Win for Trump? Mexican President Backs Down, Says He’ll Ramp Up Immigration Enforcement

Mick Mulvaney, White House Chief of Staff, said Sunday that President Donald Trump’s threat to levy a 5% tariff on Mexican goods over immigration enforcement is not an empty one.


Trump is hoping to force the Mexican government to step up enforcement of illegal immigration on the southern side of the border.

“He is absolutely, deadly serious,” Mulvaney said. “I fully expect these tariffs to go on to at least the 5 percent level on June 10.”

According to Mulvaney, the White House has been working with the Mexican government for months, demanding that the Mexican government lend a hand in the border crisis, and pushing immigration forces to turn away “caravans” of migrants from Central America.

Mulvaney claims that the border is in an “emergency situation” and the U.S. will no longer tolerate the lack of attention from Mexican officials.

The 5% Tariff Will Go Into Effect This Week and Continue to Increase

The 5% tariff will go into effect this week and will continue to increase if the Mexican government continues to refuse help. According to White House officials, it will go up to “10 percent on July 1; 15 percent on Aug. 1; 20 percent on Sept. 1; and 25 percent on Oct. 1.”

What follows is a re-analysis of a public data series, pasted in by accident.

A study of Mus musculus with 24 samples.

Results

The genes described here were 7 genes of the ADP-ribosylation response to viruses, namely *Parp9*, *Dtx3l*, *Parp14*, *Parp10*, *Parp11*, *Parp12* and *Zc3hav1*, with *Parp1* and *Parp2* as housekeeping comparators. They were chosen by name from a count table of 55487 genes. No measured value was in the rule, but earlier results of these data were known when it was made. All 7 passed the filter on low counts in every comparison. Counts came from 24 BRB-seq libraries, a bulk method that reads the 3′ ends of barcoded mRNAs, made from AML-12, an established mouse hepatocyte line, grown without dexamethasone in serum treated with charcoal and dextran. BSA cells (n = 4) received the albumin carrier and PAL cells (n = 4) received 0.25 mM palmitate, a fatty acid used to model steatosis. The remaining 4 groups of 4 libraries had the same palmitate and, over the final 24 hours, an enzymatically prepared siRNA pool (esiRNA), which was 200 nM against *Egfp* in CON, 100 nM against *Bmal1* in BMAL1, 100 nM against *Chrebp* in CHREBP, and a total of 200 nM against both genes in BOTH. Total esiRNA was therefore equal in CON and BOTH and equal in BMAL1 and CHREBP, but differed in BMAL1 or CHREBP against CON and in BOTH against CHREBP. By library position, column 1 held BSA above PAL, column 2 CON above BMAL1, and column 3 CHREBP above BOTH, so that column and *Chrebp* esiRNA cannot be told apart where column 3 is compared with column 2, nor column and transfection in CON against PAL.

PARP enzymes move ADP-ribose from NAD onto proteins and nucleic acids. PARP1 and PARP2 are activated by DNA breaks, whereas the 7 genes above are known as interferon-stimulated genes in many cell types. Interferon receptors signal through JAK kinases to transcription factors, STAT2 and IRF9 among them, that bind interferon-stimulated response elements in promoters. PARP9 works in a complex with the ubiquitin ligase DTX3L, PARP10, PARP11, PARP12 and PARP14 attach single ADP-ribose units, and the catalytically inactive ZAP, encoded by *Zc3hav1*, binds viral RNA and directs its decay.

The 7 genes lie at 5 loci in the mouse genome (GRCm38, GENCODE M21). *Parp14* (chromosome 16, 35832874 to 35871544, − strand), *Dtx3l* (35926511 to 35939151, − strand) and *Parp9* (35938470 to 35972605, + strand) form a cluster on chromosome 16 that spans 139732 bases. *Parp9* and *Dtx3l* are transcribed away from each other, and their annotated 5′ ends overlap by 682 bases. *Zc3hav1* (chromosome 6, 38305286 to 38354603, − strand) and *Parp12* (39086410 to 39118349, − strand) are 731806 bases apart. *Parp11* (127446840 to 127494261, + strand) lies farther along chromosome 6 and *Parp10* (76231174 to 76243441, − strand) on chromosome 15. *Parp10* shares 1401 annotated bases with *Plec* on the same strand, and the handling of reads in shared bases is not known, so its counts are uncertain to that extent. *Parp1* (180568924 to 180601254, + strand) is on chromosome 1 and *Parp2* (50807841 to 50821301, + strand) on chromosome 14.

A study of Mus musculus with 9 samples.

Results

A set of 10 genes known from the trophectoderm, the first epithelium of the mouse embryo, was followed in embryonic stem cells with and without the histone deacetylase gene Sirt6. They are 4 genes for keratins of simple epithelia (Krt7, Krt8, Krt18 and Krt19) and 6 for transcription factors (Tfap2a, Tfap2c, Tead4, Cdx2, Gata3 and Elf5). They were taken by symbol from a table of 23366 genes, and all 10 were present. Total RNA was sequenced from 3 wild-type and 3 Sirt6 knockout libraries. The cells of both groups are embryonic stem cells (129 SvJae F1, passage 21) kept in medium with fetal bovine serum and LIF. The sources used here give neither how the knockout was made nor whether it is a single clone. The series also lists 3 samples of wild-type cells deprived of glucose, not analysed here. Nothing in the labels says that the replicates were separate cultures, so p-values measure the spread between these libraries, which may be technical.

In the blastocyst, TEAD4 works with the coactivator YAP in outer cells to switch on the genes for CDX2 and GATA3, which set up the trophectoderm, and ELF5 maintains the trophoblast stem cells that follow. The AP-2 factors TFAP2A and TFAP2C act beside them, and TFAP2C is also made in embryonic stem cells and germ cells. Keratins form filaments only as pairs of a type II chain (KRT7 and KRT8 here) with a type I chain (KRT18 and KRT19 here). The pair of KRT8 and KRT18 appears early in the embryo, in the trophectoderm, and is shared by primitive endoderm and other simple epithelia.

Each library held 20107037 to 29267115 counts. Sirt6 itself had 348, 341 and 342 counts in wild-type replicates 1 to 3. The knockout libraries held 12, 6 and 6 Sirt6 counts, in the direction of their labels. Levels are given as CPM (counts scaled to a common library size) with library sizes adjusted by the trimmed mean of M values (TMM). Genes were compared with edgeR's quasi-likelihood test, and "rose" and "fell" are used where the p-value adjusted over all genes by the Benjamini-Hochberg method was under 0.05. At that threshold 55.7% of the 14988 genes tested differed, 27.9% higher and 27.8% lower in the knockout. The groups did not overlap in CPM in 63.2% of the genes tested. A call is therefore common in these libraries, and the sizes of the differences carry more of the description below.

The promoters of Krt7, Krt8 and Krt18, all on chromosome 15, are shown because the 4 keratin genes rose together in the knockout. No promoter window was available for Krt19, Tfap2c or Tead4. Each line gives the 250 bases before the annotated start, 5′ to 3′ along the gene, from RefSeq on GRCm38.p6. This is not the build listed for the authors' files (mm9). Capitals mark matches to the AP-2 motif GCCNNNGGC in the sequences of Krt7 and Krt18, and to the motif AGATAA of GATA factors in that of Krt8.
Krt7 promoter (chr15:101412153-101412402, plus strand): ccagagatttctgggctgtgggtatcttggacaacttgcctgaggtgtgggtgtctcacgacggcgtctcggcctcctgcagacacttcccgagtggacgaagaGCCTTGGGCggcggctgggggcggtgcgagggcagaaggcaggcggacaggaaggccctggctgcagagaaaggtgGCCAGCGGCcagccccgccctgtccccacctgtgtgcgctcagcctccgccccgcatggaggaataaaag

Democrats accused Trump of starting an unnecessary trade war, and are insisting that the “border crisis” is of Trump’s own making, with administration policies that are forcing border patrol officials to detain more asylum seekers and immigrants than ever before.

Mexican President Insists That They Have Already Ramped Up Enforcement

Mexican President Andres Manuel Lopez Obrador “hinted his country could tighten migration controls to defuse U.S. President Donald Trump’s threat to impose tariffs on Mexican goods,” according to a report from The Associated Press.

Lopez Obrador insisted that the Mexican government has already ramped up their immigration enforcement. He plans on engaging the White House in talks this week.

“The main thing is to inform about what we’re already doing on the migration issue, and if it’s necessary to reinforce these measures without violating human rights, we could be prepared to reach that deal,” Lopez Obrador said. “We’re doing all we can to reach a deal through dialogue. We’re not going to get into a trade war, a war of tariffs and of taxes.”